He added in a subsequent tweet that he'll provide more details next week, so it's not yet clear how such a contest will work or even what technologies might qualify. Carbon capture can refer to methods that prevent greenhouse gas pollution escaping from power plants and factories, or various ways of pulling it out of the atmosphere.
Some startups are developing so called direct-air capture machines that pluck carbon dioxide molecules from the air; these can then be stored underground or used to create carbon-neutral fuels. Other groups are exploring ways of using minerals, trees, plants and soil to pull down the greenhouse gas.
Neither on-site carbon capture or air removal are happening on large scales today, however, principally because they're highly expensive and there's limited value for the captured gas right now. But more money and attention is flowing into both areas as the dangers of climate change grow.
Climate models show that vast amounts of carbon removal will be necessary to prevent really dangerous levels of global warming, given how much we've emitted and how slowly we're moving away from fossil fuels. Meanwhile, on-site carbon capture tools may offer promising ways of cleaning up certain tricky sectors, like cement and steel production, or to provide carbon-free electricity from natural gas plants when intermittent solar and wind sources flag.
The number of nations and corporations banking on some level of carbon capture or removal is rising sharply as they plan to zero out emissions in the coming decades, creating a growing reliance on expensive or unproven approaches—and thus an imperative to accelerate progress in these spaces.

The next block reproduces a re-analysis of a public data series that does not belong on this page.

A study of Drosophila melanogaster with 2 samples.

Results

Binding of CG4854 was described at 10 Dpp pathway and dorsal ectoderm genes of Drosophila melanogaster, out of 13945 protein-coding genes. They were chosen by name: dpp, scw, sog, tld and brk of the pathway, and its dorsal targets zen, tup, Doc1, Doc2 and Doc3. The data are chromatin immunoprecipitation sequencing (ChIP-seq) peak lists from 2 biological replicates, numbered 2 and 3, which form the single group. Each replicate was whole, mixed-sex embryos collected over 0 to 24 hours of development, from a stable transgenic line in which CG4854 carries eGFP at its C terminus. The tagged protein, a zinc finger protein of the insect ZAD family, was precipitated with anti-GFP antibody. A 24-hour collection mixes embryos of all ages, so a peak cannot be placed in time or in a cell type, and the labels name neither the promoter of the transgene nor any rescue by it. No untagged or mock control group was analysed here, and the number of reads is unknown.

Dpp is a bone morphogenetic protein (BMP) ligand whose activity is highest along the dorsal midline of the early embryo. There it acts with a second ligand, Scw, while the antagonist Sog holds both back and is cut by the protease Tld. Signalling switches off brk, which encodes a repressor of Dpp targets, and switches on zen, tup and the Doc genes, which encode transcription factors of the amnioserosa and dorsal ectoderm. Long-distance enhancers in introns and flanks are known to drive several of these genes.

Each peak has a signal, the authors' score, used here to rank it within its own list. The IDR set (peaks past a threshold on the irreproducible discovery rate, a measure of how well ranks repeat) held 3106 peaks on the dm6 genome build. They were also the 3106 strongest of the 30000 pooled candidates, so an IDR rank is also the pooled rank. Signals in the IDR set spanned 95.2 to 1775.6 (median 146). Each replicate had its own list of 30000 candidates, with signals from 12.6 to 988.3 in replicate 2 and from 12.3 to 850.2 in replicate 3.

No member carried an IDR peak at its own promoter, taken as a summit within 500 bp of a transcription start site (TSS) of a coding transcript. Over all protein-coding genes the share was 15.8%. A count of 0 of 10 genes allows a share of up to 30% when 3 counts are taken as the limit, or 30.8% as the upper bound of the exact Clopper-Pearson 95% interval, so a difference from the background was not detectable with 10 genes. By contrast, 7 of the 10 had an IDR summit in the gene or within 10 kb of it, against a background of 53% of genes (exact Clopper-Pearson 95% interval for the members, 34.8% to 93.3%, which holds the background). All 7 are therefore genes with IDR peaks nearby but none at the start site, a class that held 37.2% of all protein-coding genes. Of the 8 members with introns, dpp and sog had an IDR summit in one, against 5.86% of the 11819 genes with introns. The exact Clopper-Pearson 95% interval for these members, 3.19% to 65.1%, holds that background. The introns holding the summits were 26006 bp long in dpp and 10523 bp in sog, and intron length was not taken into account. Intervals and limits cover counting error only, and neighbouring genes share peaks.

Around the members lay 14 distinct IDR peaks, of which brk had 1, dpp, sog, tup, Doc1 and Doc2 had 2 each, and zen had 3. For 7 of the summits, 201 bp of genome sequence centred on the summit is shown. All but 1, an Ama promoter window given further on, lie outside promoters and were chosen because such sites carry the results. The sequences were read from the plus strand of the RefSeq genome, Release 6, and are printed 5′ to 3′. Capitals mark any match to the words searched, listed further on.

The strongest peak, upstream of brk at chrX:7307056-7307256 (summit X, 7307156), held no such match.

Musk is far from the first to offer up funds to the field, either as an award or as a direct investment. A year ago, Microsoft announced plans to create a $1 billion fund for "carbon reduction, capture, and removal technologies," as it looks to cancel out its entire historic emissions. Direct-air capture startups such as Climeworks, Carbon Engineering and Global Thermostat have all raised at least tens of millions of dollars of investment. And the CarbonX prize has offered $20 million to companies developing ways to incorporate carbon dioxide into products, in an effort to create bigger markets and greater value for the gas.
Another $100 million could certainly help whatever venture, or ventures, clinch Musk's prize. But it's a tiny fraction of his wealth and will also only go so far. Carbon Engineering, for instance, has previously said just one full-scale direct-air capture plant could cost between $300 and $500 million. (It's also possible that the "towards a prize" language in the tweet means Musk will be one of several people or organizations contributing to a larger purse.)
Money aside, however, one thing Musk has a particular knack for is generating attention. And this is a space in need of it.
Lithium-ion batteries just made a big leap in a tiny product
Sila’s novel anode materials packed far more energy into a new Whoop fitness wearable. The company hopes to do the same soon for electric vehicles.
Companies hoping to grow carbon-sucking kelp may be rushing ahead of the science
Sinking seaweed could sequester a lot of carbon, but researchers are still grappling with basic questions about reliability, scalability and risks.
A French company is using enzymes to recycle one of the most common single-use plastics
French startup Carbios just opened a demonstration plant—and hopes to expand the world’s menu of recycling options.
How Ida dodged NYC’s flood defenses
Despite spending billions on adaptation, cities aren't keeping up with climate change.
Get the latest updates from
MIT Technology Review
Discover special offers, top stories, upcoming events, and more.